For Immediate Release October 29, 1996




Thousands of American children have never known what it is like to belong to a family -- to grow up with the comfort and security that most of us take for granted. They are children whose parents, for a variety of reasons, are unable or unwilling to care for them. Instead, these children often find themselves drifting from home to home in foster care. They live every day without mothers or fathers to guide them, nurture them, and tell them that they are special.

Adoption is a commonsense solution that places children in permanent homes with parents who will offer them love and security. National Adoption Month is a time for all Americans to reflect on the rewards of joining children who need families with adults who seek the responsibilities and joys of parenthood. This month is an opportunity to celebrate family, especially families formed by adoptions.

Our Nation has no greater responsibility than to ensure that every child has the chance to live up to his or her God-given potential. We can help meet that challenge by identifying a permanent, loving family for every child waiting in the foster care system.

Among the approximately 86,000 children who will await adoption within the next few years are tens of thousands with special needs. Many of these, through no fault of their own, wait years for adoption. Yet when these children are accepted into loving family environments, they can bring the same joy, affection, and love to their adoptive families as other children bring.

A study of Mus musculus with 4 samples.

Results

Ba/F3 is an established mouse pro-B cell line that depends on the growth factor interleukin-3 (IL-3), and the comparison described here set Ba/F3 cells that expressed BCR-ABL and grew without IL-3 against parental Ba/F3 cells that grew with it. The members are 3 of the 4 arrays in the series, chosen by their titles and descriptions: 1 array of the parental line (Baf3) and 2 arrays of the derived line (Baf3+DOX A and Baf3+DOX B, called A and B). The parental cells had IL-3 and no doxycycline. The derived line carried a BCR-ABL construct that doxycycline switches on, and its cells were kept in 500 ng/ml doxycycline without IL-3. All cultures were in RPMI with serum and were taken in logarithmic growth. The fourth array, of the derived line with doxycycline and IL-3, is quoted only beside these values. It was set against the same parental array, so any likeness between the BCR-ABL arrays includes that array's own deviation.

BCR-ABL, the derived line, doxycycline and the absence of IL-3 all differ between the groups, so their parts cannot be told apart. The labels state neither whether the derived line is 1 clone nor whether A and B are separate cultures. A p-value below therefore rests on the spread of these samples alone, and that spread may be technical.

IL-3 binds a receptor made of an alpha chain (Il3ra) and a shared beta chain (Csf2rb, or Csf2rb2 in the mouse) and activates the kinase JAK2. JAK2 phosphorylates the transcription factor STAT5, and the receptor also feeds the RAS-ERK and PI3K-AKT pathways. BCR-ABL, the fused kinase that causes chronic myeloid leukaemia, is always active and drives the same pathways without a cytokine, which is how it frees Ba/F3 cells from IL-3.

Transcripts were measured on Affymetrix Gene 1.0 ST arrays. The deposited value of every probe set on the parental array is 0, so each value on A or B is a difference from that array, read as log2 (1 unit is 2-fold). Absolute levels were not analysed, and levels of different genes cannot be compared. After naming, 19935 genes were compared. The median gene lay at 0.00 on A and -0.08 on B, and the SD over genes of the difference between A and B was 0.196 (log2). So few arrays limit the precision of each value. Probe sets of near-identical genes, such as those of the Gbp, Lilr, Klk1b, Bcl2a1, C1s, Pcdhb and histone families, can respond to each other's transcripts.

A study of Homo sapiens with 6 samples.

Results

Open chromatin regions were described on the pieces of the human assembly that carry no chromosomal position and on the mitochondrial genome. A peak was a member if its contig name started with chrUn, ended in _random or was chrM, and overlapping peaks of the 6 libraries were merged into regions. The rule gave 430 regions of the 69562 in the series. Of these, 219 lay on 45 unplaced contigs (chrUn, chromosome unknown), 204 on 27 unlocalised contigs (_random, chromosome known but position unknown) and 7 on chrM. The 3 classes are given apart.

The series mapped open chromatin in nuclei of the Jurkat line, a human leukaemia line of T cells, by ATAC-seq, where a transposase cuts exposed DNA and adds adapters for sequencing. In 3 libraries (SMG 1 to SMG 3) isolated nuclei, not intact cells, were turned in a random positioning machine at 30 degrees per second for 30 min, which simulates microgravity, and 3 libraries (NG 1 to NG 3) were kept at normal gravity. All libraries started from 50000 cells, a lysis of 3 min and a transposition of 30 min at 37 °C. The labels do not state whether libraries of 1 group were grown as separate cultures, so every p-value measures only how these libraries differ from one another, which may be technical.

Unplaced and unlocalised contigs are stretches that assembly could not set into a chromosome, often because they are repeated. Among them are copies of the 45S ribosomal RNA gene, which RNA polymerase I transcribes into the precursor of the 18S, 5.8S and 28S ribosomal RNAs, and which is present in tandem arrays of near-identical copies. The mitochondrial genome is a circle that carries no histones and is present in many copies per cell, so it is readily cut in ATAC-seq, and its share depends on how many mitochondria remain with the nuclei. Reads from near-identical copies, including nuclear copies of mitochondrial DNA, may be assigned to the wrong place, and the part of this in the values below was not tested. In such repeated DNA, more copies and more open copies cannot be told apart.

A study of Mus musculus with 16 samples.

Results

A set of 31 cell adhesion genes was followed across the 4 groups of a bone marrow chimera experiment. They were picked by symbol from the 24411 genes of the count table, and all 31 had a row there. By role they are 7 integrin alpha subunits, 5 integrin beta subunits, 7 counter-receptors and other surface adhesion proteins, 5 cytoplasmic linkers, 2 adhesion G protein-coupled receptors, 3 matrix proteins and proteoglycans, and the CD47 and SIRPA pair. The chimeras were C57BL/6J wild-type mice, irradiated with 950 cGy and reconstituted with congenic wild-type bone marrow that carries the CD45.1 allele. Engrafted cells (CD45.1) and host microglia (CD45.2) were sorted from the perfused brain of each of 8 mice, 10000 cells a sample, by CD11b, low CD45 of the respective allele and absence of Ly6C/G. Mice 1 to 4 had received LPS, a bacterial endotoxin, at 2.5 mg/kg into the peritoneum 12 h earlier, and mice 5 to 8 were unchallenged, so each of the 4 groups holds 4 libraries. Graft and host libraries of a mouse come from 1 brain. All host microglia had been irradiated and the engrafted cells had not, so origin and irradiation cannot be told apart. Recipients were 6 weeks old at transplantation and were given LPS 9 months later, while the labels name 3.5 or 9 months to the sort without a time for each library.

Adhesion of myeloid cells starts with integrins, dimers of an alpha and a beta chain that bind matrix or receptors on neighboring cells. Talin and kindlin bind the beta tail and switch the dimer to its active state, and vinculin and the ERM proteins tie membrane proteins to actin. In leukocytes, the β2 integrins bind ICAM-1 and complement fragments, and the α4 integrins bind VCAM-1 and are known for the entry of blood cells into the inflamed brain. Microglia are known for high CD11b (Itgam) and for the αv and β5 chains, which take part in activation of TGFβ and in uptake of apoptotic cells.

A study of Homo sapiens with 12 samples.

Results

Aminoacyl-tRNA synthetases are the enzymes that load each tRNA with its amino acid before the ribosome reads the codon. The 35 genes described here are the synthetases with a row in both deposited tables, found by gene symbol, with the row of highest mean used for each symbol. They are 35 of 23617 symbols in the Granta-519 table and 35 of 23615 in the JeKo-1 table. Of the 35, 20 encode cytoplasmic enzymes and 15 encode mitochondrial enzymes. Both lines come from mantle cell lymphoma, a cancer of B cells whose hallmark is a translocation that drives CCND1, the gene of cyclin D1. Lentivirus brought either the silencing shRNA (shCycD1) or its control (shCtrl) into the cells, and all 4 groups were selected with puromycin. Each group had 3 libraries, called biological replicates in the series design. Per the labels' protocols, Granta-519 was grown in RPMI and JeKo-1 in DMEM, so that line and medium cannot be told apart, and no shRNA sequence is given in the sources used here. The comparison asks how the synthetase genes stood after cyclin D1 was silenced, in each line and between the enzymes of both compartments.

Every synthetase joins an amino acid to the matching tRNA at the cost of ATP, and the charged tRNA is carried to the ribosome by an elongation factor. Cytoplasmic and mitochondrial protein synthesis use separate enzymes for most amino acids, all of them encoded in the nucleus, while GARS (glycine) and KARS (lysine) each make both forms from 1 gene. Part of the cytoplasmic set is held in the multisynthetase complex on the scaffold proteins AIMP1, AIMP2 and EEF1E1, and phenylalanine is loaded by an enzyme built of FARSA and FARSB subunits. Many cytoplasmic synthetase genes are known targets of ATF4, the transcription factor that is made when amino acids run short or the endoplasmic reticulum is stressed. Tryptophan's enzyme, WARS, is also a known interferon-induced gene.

In recent years, we have made important strides in encouraging parents to adopt. I have signed legislation to help facilitate adoptions by prohibiting discrimination based on race or ethnicity in placement decisions, increasing the recruitment of adoptive parents, and providing a tax credit to families who adopt children.

Much remains to be done, however. As a Nation, we must continue to work to remove obstacles to adoption, to recruit new adoptive families, to offer financial incentives for placements, and to provide support to parents adopting children with special needs. Nothing should stand in the way of providing every boy and girl in America the permanent, loving home each of them deserves. Children are, after all, our country's most precious resource and our most important responsibility.

NOW, THEREFORE, I, WILLIAM J. CLINTON, President of the United States of America, by virtue of the authority vested in me by the Constitution and laws of the United States, do hereby proclaim November 1996 as National Adoption Month. I urge the people of the United States to observe this month with appropriate activities and programs and to participate in efforts to find permanent homes for waiting children.

IN WITNESS WHEREOF, I have hereunto set my hand this twenty-ninth day of October, in the year of our Lord nineteen hundred and ninety-six, and of the Independence of the United States of America the two hundred and twenty-first.